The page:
Like most professional sports organizations, Major League Baseball (MLB) has proven that a successful season can still happen, even with the added pressure of COVID-19.
The MLB was only weeks away from starting its season when COVID-19 hit. Typically, a regular MLB season is 162 games, but it was shortened into a 60-game season, which began on July 23 — a little more than four months later than usual.
A few months later, the season finished with the Los Angeles Dodgers as the World Series champions, beating the Tampa Bay Rays in six of seven possible games. The series started on Oct. 20, after the Dodgers defeated the Atlanta Braves and the Rays were triumphant over the Houston Astros.
This series has focused on the Dodgers, as fans hoped they could finally get a ring after four years of just missing the title. The Dodgers, making three World Series appearances in four years, have not won a championship since 1988 and were ready to prove their worth in the 2020 season.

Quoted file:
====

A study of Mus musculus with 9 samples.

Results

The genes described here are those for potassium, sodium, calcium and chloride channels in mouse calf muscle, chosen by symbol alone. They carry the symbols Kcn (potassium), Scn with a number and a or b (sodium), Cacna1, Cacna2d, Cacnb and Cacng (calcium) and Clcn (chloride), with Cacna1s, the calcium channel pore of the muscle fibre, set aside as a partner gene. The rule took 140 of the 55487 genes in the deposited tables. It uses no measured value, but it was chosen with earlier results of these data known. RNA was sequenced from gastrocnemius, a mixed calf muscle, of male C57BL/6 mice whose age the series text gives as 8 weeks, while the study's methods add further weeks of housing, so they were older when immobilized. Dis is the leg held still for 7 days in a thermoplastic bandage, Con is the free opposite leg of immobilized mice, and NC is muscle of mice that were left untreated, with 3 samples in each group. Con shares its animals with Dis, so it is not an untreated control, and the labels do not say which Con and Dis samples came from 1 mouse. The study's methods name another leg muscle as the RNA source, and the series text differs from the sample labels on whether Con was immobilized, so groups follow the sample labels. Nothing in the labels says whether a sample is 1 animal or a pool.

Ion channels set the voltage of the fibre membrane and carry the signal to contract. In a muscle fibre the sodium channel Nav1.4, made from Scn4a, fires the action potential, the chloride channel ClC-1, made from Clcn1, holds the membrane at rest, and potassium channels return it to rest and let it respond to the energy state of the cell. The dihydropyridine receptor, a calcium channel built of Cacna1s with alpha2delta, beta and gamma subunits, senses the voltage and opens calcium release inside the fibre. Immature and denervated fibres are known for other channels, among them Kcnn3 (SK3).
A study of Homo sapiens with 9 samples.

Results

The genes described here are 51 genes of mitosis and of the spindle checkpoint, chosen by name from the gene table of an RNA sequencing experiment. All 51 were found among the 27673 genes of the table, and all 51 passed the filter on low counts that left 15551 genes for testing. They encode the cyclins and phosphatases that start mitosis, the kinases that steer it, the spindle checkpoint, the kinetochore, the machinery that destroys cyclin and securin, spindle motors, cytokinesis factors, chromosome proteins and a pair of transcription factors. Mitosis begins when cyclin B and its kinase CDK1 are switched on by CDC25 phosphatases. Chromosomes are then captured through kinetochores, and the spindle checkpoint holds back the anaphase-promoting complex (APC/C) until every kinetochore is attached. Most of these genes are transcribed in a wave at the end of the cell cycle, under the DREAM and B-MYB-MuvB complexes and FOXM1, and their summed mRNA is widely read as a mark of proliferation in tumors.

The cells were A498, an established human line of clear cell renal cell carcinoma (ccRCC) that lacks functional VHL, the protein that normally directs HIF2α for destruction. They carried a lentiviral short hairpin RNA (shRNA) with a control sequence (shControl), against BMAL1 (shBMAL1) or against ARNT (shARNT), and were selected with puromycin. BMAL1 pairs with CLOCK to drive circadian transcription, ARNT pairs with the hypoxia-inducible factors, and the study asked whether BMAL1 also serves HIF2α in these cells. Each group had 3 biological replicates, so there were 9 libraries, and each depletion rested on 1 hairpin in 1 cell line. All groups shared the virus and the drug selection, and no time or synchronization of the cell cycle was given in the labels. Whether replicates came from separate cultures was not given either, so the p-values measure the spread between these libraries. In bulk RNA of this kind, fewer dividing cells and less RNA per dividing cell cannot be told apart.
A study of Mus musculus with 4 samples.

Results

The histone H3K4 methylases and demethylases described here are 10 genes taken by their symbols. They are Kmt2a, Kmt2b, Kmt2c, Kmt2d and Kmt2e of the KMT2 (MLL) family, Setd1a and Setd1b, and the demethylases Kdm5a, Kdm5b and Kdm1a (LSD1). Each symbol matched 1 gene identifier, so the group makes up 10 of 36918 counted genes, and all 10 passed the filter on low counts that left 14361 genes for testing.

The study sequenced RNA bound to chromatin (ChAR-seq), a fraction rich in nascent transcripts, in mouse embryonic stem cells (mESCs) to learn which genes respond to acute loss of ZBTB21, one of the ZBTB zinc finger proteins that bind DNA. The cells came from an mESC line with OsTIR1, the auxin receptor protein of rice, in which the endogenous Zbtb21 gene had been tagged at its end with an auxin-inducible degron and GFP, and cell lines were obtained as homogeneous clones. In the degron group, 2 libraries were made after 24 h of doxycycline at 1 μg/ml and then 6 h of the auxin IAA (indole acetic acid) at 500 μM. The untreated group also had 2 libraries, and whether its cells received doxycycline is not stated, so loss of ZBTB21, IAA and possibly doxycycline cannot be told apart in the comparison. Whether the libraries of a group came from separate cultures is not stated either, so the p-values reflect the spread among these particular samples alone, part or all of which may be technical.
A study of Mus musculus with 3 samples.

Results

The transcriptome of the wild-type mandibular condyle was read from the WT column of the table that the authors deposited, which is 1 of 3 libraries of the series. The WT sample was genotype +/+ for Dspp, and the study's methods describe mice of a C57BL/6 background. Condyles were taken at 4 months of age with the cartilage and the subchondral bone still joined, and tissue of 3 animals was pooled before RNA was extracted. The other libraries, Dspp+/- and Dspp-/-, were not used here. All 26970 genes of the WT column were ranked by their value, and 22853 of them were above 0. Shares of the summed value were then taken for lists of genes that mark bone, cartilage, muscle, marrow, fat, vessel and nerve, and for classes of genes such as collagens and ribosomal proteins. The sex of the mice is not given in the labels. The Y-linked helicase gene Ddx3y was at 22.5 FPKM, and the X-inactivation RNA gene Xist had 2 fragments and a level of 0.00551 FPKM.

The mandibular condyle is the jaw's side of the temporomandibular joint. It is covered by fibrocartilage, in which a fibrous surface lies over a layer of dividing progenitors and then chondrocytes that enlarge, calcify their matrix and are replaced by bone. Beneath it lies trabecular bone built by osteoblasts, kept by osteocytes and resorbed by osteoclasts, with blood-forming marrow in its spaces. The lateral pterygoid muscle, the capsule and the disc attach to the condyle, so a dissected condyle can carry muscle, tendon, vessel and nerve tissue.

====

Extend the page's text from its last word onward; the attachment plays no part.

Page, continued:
After an easy win in the first game of the series, it seemed like a clear road for the Dodgers, but the Rays were not ready to give up so easily. Having only appeared in two World Series ever, the Rays wanted to make sure they left their mark. In game two, Brandon Lowe, the 26-year-old second baseman, hit two home runs, giving the Rays the motivation they needed to win the game. From that point on, it was back and forth between the two teams.
Now, six games later, the Dodgers have won the series after beating the Rays 3-1 on Tuesday night. A 32-year championship drought has ended, and the Dodgers are now the MLB champions.
Aaron Best, a junior here at Westmont, mentioned how happy he was when the Dodgers won the series.
“When [the Dodgers] threw that third strike, I shed tears. I threw my hat on the ground and fell to my knees. I didn’t even have words. I was so happy to see this team win the World Series.”
With two LA championships in the books this month — one from the Dodgers and one from the Lakers — there is much to celebrate in the City of Angels.